Florida Power & Light and its subsidiary Gulf Power came up with a unique solution to disposing of the boxes and packaging for the 200,000 to 250,000 solar panels recently installed at its Cotton Creek Solar Energy Center in Escambia County and Blue Spring Solar Energy Center in Jackson County.
Approximately 10,000 refrigerator-sized boxes along with their accompanying wooden pallets were turned into mulch and reused on-site at both of the energy centers.
“The mulch is a great stabilizer and promotes the grass to grow, which causes the mulch to decompose even faster,” FPL Senior Project Manager Matt McCord, who came up with the solution, said. “After a year’s time, it’s gone back to nature, and you can’t see it anymore. The wildflowers and other vegetation are planted to transform the solar energy sites into stewardship sites that support wildlife and pollinators.”
They used a large grinder to chew up the wooden pallets and cardboard boxes, splitting the nails into a container. The output was then fed out of the grinder on a conveyor belt, creating a mound of mulch perfect for supporting grass and wildflower seeds.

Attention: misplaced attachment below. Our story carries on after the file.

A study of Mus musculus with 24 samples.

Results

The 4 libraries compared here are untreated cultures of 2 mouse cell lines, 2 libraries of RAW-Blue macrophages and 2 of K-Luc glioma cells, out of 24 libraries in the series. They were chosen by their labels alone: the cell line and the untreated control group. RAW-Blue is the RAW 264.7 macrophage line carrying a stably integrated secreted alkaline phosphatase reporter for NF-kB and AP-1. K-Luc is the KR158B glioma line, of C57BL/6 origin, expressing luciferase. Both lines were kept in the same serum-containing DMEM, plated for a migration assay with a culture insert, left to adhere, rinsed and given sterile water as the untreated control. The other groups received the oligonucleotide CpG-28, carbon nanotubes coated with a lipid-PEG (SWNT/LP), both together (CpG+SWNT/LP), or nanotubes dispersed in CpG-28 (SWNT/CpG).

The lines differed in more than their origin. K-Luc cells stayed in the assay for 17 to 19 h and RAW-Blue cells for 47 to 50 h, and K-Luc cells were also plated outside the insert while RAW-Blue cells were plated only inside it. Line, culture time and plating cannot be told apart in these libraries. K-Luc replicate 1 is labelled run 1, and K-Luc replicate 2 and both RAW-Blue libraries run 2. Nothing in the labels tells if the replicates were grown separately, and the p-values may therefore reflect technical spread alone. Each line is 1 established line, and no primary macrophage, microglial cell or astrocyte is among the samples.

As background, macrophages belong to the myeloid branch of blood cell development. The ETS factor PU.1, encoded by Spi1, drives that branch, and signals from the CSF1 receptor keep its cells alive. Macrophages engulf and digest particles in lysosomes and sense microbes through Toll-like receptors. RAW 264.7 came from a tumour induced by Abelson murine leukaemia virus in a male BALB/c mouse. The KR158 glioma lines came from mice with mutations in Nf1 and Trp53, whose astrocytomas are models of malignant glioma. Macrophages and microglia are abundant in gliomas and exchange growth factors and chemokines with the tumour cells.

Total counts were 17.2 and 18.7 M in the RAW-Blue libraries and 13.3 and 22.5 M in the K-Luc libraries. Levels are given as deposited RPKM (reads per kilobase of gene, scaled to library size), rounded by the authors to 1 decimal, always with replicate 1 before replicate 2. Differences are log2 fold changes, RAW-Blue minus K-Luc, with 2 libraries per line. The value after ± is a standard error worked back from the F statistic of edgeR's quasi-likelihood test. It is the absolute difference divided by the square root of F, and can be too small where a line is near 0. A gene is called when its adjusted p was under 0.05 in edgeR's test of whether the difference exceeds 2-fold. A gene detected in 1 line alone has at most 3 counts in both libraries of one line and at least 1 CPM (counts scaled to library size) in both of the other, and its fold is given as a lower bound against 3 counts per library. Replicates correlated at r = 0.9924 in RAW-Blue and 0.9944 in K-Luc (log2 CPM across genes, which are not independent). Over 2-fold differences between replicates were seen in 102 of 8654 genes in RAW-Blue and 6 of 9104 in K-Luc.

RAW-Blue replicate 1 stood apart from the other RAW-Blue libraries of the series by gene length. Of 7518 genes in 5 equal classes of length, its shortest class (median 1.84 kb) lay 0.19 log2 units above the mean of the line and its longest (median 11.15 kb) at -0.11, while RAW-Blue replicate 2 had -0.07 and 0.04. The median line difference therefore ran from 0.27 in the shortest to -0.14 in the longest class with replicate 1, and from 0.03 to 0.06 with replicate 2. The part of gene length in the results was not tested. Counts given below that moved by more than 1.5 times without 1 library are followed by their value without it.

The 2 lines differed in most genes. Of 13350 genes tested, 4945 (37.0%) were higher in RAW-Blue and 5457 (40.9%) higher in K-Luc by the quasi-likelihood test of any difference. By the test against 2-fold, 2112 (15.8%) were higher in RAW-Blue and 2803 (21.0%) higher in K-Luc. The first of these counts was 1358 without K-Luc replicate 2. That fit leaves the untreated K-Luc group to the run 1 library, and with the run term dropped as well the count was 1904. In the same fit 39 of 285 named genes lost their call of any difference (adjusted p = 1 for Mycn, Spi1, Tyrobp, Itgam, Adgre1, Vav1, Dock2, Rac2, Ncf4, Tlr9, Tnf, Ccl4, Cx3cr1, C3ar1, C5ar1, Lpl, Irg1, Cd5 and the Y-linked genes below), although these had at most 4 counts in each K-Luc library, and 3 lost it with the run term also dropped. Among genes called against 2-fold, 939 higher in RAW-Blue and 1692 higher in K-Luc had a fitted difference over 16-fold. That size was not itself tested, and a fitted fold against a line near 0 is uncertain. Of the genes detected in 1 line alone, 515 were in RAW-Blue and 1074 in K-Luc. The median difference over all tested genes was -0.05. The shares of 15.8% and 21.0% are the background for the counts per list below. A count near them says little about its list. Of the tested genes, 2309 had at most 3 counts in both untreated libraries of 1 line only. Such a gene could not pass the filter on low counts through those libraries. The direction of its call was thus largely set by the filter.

It’s not only environmentally friendly, but it also saves money as it is more expensive to discard the tons of packaging into landfills and legally burn the wooden pallets. These industry standards cost about $180,000 per site, McCord said.
“All of that takes manpower and trucks,” McCord said. “The new method costs about $50,000 per solar site. Plus, we’re not burning or sending this material to the landfill. We’re working to reduce our carbon footprint through our 30-by-30 solar plan and the retirement of coal. By the time we’ve completed the 30-by-30 plan, you’re talking in the ballpark of $10 million in savings. This is good for the environment and saves our customers money.”
The mulching operation at Cotton Creek and Blue Springs went into full operation in the summer of 2020. It is now the company’s standard for disposal of packaging as it has been used at 16 more sites in 2020 and 2021. FPL’s 30-by-30 plan calls for the installation of 30 million solar panels statewide by 2030, so this is a solution that will be used quite often over the next 10 years.
“The mulching project is an innovative way to do both but also has the added benefit of supporting our commitment to reducing our carbon footprint,” Gulf Power Vice President Mike Spoor said. “We’re excited that Cotton Creek and Blue Springs solar energy centers are the first solar sites in Northwest Florida to use this method. Not only are we producing clean, emissions-free energy from the sun, we’re also disposing of the panel packaging in an eco-friendly way.”
Both Cotton Creek and Blue Springs will be operating in January 2022.